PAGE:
If you're in an abusive relationship, you've probably heard these words before:
"I'm not abusing you. You're the one abusing me."
Many women are caught off balance by this "chicken and egg" debate and don't know how to figure out the truth. You may wonder, "Is he right? Am I the one abusing him?"
The fact that you are even asking that question is a good sign that you are not the originator of the abuse in the relationship. Abusive people with narcissistic thought patterns often do not feel that what they are doing is abusive. They are unlikely to question their behavior on their own and even less likely to be truly bothered by it.
Because they are consumed by the need for approval and control, narcissists are liable to interpret just about any behavior that doesn't meet their standards as being abusive, and can therefore justify their vengeful responses as self-protection. That self-protection often sounds like:
"You made me do it." Or maybe even "You're the abusive one."
Ring a bell?! I know it does.
Narcissists are known for using a whole range of defense tactics, which include projecting their bad behavior onto you and negating what you say by asserting false claims. Communicating in this way keeps the victim second guessing the truth and gives the abuser power in that he feels he is scripting reality for her.
However, we're not out of the woods on this question yet. It is important to note that if you respond to your husband's outbursts with similar fits of rage (which is very common), then you may end up abusing him as well. Proverbs 22:24-25 says "Do not make friends with a hot-tempered person, do not associate with one easily angered, or you may learn their ways and get yourself ensnared." (NIV)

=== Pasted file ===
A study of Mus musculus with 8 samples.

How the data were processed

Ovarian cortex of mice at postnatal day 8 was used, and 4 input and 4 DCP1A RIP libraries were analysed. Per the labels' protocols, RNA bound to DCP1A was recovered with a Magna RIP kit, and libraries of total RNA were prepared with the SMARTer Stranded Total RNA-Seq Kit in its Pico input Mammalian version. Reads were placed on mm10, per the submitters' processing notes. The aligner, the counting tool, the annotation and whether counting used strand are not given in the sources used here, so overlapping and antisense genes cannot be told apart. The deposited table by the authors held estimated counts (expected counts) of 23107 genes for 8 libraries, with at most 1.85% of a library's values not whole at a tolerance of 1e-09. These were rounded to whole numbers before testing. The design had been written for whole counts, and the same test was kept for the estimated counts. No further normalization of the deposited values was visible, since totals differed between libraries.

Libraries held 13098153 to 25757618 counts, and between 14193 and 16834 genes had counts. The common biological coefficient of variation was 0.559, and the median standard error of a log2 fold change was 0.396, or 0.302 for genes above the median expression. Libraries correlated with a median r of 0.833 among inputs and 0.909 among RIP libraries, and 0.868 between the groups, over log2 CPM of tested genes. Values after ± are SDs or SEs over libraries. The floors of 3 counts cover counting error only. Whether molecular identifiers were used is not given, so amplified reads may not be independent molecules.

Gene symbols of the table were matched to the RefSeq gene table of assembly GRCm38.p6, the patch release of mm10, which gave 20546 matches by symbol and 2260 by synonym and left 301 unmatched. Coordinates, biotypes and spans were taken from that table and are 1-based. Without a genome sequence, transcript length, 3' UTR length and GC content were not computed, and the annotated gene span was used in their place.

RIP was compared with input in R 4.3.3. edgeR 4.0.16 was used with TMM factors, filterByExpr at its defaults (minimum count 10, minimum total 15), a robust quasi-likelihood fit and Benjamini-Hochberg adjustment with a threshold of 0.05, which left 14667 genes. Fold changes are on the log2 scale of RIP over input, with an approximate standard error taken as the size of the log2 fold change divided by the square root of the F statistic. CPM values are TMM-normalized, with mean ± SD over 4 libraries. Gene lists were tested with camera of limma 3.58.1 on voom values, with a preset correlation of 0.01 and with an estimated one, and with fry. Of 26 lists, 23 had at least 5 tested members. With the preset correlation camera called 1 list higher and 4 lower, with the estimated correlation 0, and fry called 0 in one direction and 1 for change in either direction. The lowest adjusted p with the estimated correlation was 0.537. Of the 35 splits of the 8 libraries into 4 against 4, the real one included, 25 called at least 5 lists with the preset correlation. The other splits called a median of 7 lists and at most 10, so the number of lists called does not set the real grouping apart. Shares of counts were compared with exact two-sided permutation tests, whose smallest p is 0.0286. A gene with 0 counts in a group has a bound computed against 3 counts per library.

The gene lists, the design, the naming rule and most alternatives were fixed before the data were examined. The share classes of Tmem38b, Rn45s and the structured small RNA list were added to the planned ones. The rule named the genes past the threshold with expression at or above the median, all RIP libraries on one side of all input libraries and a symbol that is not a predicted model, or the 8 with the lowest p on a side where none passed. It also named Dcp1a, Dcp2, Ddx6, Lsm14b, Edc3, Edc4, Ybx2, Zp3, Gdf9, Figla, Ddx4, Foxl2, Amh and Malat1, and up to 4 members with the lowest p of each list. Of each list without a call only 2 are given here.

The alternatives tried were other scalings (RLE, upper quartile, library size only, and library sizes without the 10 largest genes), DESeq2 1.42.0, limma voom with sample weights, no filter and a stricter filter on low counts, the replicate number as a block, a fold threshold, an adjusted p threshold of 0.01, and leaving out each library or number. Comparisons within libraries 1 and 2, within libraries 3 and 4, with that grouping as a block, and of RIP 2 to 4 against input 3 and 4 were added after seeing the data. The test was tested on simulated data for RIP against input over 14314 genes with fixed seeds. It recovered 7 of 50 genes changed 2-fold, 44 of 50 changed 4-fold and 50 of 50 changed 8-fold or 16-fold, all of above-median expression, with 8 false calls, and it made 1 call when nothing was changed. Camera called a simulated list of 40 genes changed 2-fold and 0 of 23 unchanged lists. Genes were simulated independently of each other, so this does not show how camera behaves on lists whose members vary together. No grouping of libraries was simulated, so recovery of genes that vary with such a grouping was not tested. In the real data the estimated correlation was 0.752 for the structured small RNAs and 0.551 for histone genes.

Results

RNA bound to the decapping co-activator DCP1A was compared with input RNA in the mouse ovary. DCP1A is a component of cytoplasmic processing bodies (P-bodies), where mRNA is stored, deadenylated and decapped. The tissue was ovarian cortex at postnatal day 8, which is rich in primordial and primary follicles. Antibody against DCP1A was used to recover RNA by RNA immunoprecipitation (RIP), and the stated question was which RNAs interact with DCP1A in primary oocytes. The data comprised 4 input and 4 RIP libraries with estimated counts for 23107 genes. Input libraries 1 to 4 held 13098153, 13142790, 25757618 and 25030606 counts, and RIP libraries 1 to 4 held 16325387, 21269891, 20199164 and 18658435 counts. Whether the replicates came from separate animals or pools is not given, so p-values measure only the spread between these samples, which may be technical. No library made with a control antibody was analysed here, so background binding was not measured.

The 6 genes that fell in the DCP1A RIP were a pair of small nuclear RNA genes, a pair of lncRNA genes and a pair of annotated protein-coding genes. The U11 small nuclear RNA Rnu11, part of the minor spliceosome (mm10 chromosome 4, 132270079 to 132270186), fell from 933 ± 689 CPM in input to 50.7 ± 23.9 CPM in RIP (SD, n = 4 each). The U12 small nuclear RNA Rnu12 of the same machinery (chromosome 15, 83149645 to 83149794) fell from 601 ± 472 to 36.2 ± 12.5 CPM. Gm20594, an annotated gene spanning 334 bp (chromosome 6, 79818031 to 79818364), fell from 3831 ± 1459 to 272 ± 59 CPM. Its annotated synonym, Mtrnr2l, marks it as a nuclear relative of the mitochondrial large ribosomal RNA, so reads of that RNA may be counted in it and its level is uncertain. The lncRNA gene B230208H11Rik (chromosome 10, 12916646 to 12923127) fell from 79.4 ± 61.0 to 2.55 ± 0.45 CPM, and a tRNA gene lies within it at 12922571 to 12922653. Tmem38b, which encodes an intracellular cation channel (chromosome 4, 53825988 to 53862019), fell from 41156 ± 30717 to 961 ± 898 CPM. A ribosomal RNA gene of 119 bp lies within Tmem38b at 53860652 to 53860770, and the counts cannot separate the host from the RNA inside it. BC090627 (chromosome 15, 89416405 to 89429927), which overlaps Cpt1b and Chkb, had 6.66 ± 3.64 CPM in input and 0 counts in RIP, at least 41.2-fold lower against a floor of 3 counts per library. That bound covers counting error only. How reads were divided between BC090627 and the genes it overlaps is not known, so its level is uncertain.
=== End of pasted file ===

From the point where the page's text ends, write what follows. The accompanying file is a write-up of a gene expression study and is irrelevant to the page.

Behaving this way doesn't make you a narcissist (that kind of thinking comes from issues outside of the marriage itself). Unfortunately, we are still likely to mirror the aggressive behaviors of our abusive spouse, which of course only validates his impression that you are the one abusing him. It's also why you might find yourself being questioned by family members and friends who are very sure you are driving him to mistreat you.
(Especially because he is probably better at hiding his reactive side than you are at hiding yours.)
But it doesn't have to be that way. If you are approaching him with a Christ- centered mindset, it is possible to disengage from an abusive spouse in a way that is respectful but does not enable him to continue fighting with you. It is essential that you become emotionally free from the effects of his abuse so you can get the healing and support you deserve. See the Three Critical Steps to Stop an Abusive Conversation here.
It can be hard not to react to abuse. Have you found yourself in this kind of situation?